If the primary purpose of distributing content is to gain links, both authors and publishers risk a Google penalty.
Google’s out today with a warning for anyone who is distributing or publishing content through syndication or other large-scale means: Watch your links.
No content marketing primarily for links, warns Google
Google says that it is not against article distribution in general. But if such distribution is done primarily to gain links, then there’s a problem. From the post:
Google does not discourage these types of articles in the cases when they inform users, educate another site’s audience or bring awareness to your cause or company. However, what does violate Google’s guidelines on link schemes is when the main intent is to build links in a large-scale way back to the author’s site …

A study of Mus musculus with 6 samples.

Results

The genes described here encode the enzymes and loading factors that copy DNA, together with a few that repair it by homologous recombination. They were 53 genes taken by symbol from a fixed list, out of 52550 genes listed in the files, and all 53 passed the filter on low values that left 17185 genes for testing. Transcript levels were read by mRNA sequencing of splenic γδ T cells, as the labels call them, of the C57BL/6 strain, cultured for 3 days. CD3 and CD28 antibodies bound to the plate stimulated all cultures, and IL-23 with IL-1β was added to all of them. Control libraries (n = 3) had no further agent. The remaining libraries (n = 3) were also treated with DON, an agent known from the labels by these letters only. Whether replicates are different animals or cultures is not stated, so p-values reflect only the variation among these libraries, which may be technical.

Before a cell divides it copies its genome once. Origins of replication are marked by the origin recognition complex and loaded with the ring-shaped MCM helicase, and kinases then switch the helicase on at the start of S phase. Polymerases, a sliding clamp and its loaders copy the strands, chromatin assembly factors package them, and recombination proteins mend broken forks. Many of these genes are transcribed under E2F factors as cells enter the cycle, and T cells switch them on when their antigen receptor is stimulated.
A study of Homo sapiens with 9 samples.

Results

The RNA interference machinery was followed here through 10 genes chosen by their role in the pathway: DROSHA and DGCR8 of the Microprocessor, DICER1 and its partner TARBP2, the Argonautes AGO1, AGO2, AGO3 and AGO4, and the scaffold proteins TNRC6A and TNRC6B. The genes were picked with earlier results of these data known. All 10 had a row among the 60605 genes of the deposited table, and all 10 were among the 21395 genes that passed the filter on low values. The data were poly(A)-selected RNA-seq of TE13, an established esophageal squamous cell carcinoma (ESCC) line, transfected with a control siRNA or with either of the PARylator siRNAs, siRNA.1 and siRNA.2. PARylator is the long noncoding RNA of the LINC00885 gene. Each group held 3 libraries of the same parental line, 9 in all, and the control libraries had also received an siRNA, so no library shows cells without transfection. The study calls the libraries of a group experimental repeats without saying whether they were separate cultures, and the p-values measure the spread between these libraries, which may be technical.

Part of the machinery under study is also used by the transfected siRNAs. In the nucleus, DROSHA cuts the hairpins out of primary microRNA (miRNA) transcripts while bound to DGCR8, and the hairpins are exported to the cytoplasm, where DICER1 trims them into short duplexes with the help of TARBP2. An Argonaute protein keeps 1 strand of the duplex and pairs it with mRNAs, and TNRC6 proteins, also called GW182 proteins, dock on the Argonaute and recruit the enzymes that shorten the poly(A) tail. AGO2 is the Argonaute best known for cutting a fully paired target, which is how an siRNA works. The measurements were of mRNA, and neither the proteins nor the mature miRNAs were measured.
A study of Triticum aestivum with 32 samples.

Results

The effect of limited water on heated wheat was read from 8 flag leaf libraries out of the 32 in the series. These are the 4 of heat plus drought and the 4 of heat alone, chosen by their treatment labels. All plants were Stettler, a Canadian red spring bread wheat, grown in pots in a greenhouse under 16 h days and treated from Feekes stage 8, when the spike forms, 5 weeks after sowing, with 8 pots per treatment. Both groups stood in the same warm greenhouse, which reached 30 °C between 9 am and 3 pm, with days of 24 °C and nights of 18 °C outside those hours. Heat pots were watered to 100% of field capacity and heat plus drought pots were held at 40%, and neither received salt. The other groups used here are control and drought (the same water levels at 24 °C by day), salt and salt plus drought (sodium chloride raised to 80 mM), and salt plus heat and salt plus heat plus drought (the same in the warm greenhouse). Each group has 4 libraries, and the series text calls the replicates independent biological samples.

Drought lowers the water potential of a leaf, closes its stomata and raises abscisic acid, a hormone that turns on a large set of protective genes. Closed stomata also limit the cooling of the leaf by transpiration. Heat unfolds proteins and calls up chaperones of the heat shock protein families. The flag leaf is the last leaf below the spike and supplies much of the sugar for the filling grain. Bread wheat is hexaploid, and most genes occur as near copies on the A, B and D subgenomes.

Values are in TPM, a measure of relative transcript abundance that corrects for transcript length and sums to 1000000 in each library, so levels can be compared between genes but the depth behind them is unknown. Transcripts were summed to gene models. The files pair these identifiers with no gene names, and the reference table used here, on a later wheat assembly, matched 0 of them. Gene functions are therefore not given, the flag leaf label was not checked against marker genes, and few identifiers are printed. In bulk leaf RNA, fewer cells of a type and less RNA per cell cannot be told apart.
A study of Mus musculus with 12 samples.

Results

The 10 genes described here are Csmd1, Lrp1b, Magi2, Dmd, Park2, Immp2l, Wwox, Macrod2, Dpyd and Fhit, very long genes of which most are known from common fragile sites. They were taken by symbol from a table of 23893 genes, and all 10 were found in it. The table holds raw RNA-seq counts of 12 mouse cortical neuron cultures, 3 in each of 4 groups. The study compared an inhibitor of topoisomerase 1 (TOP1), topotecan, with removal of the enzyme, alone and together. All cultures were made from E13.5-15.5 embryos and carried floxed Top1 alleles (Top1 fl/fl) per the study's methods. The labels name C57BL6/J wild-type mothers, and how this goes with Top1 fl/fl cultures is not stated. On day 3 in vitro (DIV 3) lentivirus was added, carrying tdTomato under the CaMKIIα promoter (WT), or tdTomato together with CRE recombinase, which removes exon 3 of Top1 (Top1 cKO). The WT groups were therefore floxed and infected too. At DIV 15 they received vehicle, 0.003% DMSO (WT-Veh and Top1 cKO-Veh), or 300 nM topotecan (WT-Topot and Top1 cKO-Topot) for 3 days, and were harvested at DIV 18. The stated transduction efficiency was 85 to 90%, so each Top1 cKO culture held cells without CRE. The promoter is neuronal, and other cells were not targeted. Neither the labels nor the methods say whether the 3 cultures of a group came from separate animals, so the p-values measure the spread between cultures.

For websites creating articles made for links, Google takes action on this behavior because it’s bad for the Web as a whole. When link building comes first, the quality of the articles can suffer and create a bad experience for users.
Those pushing such content want links because links — especially from reputable publishers — are one of the top ways that content can rank better on Google.
What are things that may tip Google into viewing a content distribution campaign as perhaps violating its guidelines? Again, from the post:
Stuffing keyword-rich links to your site in your articles
Having the articles published across many different sites; alternatively, having a large number of articles on a few large, different sites
Using or hiring article writers that aren’t knowledgeable about the topics they’re writing on
Using the same or similar content across these articles; alternatively, duplicating the full content of articles found on your own site
Nofollow prevents individual links from passing along ranking credit. Canonical effectively tells Google not to let any of the links on the page pass credit.